Another victim of child abuse
For far too long, the sexual abuse of children and young women has been given little attention by our society. As a result, many thousands of victims were scarred for life. Fortunately, that outrage is finally getting the attention it deserves, and those accountable are being brought to justice. Unfortunately, like many other issues of public concern, our desire to do the right thing is leading us to take the wrong action.
For as long as there have been courts of justice, there have been statutes of limitation for the filing of criminal or civil complaints. Statutory periods are often lengthy. In Pennsylvania, the statute of limitation for felony prosecutions is five years after the crime. The period for civil claims related to a contract is four years after the contract is breached. For most personal injury claims, the period is two years after the injury.
The purpose of these statutes is obvious. Criminal statutes require the government to file charges within a reasonable period of time after the alleged offense, so that the accused has a fair chance to defend themselves. Those who choose to file civil claims must do so before all relevant evidence has been lost, and the witnesses have died.
Unfortunately, in a “knee jerk” reaction to the complicated problem of abuse, many state legislatures have over-extended statutes of limitation. Those who champion these changes fail to recognize that statutes of limitation do not exist to deny justice; they exist to promote it. No judge or jury can be expected to reach a just result in a case where the relevant documents and witness testimony has all been lost to time. Since my first day of law school, I have been reminded that justice delayed is usually justice denied.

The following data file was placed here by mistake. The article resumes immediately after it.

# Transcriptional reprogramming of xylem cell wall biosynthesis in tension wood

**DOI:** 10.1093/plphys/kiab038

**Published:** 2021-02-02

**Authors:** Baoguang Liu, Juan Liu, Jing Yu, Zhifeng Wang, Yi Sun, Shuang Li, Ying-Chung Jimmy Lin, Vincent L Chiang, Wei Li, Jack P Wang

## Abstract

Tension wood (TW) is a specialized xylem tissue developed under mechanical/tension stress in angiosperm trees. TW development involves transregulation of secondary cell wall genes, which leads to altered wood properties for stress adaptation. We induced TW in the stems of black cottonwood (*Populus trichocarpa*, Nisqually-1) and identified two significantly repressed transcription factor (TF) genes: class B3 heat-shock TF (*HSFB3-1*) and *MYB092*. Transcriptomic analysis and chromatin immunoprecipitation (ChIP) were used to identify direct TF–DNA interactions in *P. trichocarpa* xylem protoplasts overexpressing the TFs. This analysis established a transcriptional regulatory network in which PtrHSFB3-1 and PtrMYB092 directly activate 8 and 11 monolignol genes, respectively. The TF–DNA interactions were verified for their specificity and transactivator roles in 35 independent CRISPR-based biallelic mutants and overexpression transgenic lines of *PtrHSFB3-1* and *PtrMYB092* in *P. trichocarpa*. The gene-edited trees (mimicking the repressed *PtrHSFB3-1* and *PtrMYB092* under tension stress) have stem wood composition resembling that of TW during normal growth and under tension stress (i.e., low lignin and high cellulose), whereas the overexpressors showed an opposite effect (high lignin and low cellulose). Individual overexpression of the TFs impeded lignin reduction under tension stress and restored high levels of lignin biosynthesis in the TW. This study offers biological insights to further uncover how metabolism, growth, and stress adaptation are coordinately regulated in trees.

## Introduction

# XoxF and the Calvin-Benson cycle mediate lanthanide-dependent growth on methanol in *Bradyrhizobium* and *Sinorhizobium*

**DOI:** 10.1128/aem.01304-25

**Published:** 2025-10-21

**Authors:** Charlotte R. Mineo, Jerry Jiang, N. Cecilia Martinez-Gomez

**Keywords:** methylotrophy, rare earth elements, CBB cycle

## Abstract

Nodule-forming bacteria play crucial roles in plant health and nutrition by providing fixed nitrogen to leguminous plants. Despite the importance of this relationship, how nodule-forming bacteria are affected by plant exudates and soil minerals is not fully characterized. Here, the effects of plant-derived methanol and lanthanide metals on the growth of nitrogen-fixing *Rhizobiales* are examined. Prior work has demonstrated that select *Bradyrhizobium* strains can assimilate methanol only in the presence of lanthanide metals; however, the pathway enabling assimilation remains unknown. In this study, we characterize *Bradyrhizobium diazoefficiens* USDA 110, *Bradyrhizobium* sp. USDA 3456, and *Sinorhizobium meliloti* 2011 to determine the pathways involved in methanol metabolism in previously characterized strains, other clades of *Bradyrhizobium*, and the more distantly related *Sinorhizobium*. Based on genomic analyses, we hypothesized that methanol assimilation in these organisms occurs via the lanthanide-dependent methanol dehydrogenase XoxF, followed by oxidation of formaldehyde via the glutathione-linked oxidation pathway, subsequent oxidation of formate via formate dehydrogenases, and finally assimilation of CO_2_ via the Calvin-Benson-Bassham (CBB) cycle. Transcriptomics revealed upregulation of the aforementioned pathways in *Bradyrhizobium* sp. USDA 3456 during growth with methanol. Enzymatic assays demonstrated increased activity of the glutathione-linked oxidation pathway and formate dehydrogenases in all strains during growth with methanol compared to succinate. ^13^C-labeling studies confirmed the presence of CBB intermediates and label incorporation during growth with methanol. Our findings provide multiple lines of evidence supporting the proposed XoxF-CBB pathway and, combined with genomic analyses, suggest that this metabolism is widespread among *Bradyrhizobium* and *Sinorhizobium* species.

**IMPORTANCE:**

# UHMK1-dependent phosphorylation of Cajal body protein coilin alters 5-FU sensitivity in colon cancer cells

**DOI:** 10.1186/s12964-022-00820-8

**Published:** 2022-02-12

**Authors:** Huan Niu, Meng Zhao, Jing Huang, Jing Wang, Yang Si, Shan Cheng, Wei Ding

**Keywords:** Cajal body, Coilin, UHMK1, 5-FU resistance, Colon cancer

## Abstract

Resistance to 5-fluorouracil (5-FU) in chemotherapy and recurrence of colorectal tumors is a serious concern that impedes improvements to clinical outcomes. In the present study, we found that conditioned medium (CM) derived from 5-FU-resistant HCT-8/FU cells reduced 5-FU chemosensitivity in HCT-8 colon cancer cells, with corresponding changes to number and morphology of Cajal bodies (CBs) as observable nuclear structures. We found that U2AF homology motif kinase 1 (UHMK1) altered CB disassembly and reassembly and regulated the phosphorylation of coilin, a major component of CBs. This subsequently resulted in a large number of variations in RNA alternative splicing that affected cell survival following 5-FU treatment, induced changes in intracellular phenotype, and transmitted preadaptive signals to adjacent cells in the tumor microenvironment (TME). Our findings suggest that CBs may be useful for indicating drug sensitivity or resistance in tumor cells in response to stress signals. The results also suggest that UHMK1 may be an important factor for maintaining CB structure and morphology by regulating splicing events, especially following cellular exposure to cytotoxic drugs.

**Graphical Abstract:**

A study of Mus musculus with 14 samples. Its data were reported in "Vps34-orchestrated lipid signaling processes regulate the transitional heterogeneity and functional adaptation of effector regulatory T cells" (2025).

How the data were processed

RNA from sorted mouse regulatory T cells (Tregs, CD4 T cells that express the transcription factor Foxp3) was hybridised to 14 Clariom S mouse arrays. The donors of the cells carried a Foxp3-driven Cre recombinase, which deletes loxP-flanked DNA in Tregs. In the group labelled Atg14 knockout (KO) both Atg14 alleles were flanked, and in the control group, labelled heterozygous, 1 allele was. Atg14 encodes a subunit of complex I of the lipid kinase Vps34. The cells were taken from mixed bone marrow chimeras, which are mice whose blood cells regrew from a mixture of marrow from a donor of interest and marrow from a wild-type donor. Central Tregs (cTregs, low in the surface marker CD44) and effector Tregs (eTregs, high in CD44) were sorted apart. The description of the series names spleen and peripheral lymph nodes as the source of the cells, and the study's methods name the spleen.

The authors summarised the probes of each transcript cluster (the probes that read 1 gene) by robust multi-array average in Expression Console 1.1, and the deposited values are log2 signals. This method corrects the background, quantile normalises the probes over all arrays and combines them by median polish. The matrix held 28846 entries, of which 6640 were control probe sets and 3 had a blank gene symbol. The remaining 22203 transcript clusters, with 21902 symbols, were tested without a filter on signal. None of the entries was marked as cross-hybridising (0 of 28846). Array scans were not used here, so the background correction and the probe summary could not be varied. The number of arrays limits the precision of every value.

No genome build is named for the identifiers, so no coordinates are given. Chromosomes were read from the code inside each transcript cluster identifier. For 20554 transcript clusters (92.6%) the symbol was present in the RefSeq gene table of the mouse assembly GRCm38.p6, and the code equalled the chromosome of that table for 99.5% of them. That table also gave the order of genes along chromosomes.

The scourge of child abuse has claimed another victim. The National Council of the Boy Scouts of America has announced that, in order to manage lawsuits seeking money damages for events which occurred decades ago, they must file bankruptcy. There is no suggestion that the Boy Scouts do not promptly pay their bills, nor that child abuse is widespread in that organization. Rather, the Boy Scouts simply cannot manage limitless exposure from a handful of lawsuits which claim money damages for events which may or may not have occurred, long after evidence was lost, and the witnesses died.
In the years ahead, many churches, youth sports organizations, and community groups will be forced to make the same bitter choice. We will see more announcements of bankruptcy filings by churches and non-profit groups, simply to permit them to continue their mission.
Those who stand to profit from lawsuits may claim that the answer to abuse is more lawsuits. It is not. The answer is to stop the abuse. The silence is over. Those who see something must say something. A great many local attorneys volunteer their time to help abuse victims obtain Protective Orders. The Boy Scouts and the Catholic Church both require all registered volunteers to take training in how to recognize and stop potential child abuse. Every non-profit organization which serves children must do the same. I only hope that the terrible sins of the past will not require that we bankrupt every non-profit organization in the future.
William P. Carlucci is past president of the Pennsylvania Bar Association and past president of the Susquehanna Council Boy Scouts of America.